A wildlife conservation charity is getting set for a potentially record-breaking breeding season of a critically endangered rare insect that hasn’t been seen in the wild in eight years.
Pine hoverflies are only currently known to inhabit one small forest in the Cairngorms.
But keepers at the Royal Zoological Society of Scotland (RZSS) are now caring for more than ever before at Highland Wildlife Park near Aviemore.
This comes as a result of the charity’s conservation breeding programme, which started in 2016 and is now responsible for the majority of Britain’s known population of the native species.
Almost all of the 156 larvae that hatched at the park last year are now becoming pupae, entering the next stage of their life cycle on their way to becoming adults.
Among them are ‘Larva Croft’ and ‘Pine-al Ritchie’, named by fans of project-funder Marvelous’ new video game, Story of Seasons: Pioneers of Olive Town.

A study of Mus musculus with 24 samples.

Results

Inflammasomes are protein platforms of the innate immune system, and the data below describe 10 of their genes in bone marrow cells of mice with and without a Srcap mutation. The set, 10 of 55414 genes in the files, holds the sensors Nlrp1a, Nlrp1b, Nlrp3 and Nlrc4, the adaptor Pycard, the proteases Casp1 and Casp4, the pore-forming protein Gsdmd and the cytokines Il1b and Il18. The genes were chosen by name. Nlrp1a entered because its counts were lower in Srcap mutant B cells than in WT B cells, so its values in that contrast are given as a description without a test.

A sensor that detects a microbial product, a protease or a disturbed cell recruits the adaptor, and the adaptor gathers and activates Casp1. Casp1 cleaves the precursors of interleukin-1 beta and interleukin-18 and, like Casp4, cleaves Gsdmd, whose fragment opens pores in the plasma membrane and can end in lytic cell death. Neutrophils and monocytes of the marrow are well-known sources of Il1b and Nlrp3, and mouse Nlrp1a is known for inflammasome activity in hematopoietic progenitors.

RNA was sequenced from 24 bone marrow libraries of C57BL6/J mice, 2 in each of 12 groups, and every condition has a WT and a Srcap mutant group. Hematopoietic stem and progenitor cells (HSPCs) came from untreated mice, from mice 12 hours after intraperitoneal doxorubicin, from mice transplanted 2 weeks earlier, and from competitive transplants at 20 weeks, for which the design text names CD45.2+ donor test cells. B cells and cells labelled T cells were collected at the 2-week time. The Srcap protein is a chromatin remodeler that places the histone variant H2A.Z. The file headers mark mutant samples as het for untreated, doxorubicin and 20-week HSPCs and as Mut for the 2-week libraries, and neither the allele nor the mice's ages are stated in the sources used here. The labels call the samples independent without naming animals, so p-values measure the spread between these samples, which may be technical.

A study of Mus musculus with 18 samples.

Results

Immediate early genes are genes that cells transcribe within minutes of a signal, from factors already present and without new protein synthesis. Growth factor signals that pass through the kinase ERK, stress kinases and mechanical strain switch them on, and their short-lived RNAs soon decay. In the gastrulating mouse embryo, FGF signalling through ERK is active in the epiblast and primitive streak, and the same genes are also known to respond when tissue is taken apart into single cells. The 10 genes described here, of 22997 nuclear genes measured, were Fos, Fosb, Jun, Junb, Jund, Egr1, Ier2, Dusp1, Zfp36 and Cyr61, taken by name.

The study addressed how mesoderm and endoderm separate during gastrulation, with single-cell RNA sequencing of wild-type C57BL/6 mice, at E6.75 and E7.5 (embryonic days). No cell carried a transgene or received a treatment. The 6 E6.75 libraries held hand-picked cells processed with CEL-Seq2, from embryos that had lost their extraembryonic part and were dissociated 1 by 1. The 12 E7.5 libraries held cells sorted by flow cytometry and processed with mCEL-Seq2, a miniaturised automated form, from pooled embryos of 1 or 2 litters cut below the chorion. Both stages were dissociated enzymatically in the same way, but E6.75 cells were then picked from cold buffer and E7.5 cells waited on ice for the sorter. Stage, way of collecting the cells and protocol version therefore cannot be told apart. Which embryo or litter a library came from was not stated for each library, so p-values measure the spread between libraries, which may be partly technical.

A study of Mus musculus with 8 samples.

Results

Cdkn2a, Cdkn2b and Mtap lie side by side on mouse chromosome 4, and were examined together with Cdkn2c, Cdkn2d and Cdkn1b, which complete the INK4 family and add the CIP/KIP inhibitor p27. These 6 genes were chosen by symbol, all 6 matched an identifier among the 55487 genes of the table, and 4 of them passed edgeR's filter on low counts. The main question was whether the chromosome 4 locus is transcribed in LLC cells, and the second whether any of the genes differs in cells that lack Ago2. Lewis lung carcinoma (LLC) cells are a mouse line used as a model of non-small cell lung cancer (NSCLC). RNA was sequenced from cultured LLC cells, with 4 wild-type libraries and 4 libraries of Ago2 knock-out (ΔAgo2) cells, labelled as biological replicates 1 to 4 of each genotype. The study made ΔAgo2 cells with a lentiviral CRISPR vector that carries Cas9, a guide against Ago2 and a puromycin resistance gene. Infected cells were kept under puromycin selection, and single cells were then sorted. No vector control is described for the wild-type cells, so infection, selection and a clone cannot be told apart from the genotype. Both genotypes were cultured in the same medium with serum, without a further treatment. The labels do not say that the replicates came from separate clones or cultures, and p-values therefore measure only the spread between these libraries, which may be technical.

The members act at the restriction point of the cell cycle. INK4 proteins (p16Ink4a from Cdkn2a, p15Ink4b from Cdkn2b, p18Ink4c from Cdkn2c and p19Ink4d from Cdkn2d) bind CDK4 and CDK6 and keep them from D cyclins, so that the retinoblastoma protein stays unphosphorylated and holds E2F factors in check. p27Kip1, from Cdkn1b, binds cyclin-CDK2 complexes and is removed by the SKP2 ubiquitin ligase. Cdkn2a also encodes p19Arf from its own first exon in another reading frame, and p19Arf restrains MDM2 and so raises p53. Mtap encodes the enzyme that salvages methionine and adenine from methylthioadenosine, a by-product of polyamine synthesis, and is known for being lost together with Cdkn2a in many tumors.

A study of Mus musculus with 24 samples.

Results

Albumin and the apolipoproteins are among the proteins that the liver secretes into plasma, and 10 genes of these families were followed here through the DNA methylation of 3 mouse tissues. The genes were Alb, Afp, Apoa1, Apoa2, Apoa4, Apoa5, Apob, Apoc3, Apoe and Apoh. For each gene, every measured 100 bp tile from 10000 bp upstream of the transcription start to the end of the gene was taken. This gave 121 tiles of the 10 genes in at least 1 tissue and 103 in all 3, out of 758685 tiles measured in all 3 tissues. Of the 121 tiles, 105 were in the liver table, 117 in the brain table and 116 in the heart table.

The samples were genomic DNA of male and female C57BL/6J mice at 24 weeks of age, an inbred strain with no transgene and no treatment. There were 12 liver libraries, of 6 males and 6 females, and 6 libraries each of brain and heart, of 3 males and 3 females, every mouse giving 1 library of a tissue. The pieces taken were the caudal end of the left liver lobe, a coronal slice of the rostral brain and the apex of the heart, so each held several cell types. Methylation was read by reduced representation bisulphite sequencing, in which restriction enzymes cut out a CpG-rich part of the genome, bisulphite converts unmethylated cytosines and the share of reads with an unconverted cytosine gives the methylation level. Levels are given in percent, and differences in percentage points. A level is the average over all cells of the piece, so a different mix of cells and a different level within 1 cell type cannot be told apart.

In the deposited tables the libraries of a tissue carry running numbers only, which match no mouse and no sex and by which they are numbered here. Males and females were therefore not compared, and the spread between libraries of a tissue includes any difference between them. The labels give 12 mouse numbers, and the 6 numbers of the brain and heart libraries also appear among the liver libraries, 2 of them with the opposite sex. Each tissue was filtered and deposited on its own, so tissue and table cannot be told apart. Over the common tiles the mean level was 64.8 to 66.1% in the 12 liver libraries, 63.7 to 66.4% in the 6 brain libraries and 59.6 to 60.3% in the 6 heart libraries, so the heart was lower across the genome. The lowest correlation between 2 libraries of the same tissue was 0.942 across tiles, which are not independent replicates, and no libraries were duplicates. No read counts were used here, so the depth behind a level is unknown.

Dr Helen Taylor, conservation programme manager at RZSS, said: “Our charity’s conservation breeding programme at Highland Wildlife Park is currently the best hope for the survival of this critically endangered species.
“Every individual matters, so it is really exciting to have more larvae pupating than ever before and nerve-wracking to have to wait and see how many complete the full cycle, from egg, to larva, to pupa, to adult.
“The process they go through is extraordinary. Inside the pupa case, these animals are breaking most of their body down into goo and then totally reassembling it to transition from a larva to an adult fly.
“Most people will be familiar with this idea from caterpillars turning into butterflies, but it really is a magical transformation.”
Next steps for the project including moving the pupae into a brand-new purpose-built breeding centre in the coming weeks.